Appeals court allows counties to pursue reimbursement from Department of Juvenile Justice

By Richard Jones | Apr 11, 2017

TALLAHASSEE — The 1st District Court of Appeal has found that three Florida counties involved in litigation with the Department of Juvenile Justice can move forward with their appeals despite a recent settlement agreement.  

The opinion authored by Justice C.J. Roberts allows the counties to pursue a request that the Department of Juvenile Justice reimburse the counties for their actual cost of housing juvenile offenders. 

Prior to 2016, the Department of Juvenile Justice had a cost-sharing agreement with 20 counties that allowed it to estimate each year the amount of money that would be spent on juvenile detention by each county.

The counties are responsible for the costs occurring prior to “final court disposition,” and the state is responsible for all other costs related to “post-disposition.” At the end of the year, the department would reconcile the difference between what was actually spent and the estimates.

Over time, a number of disputes between the counties and the department arose around the methods used to calculate the actual cost. The counties eventually sued.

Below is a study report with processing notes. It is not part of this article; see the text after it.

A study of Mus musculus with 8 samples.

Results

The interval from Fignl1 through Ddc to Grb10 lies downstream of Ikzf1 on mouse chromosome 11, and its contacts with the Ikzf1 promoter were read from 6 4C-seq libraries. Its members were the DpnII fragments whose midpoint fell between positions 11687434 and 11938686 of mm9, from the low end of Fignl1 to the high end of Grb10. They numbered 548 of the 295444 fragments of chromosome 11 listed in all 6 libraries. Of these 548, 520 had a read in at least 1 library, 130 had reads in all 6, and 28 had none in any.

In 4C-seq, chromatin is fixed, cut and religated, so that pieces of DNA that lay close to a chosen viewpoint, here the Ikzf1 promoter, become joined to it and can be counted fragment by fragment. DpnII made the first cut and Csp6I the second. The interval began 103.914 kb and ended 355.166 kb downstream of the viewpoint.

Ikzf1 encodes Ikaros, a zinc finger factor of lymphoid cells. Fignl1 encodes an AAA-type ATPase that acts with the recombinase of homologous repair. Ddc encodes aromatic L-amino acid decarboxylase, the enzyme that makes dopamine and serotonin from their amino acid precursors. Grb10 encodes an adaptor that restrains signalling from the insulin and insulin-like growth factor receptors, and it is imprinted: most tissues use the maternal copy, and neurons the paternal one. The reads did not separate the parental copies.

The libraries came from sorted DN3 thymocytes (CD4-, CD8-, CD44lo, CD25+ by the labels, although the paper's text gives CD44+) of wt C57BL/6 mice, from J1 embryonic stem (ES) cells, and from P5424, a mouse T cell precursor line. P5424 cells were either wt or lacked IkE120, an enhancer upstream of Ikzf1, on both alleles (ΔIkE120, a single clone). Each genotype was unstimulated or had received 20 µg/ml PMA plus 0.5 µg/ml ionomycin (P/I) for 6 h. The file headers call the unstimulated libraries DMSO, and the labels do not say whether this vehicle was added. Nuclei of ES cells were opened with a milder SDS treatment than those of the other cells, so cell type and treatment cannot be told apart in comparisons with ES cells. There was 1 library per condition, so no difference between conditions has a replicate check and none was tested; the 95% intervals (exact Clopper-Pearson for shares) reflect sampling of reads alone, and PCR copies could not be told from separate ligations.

In 2013, the parties entered into a joint stipulation agreement that said the counties were owed refunds for between 2009 and 2012. The agreement did not require the department to refund the overpayment but to officially acknowledge the issues on the record. 

In 2016, the state legislature amended Section 985.6865 of the Florida Administrative Code in exchange for  the counties dropping the lawsuit and enacted a more favorable “50-50” splitting of juvenile detention cost.

The state’s position was that the counties would recoup their previous overpayments under the new system. Seventeen counties dismissed their cases but Marion, Polk and Seminole counties requested an actual refund and asked the court to allow their appeals to continue.

The counties argued that the department’s failure to provide credit and or repayments violated its duty in section 985.686.

The department countered that whether it actually has a duty repay the under a strict reading of section 985.686 was still in question.

Roberts sided with the counties and reversed and remanded the case, allowing for the three counties' appeals to go forward.

"The Department’s duty to reconcile in the statute is clear.  Also clear is the statute’s directive that the counties are only responsible for 'actual costs,'" the opinion said. "By recognizing an overpayment and then failing to take any steps to remedy the overpayment, the Department is not performing its duties under the statute."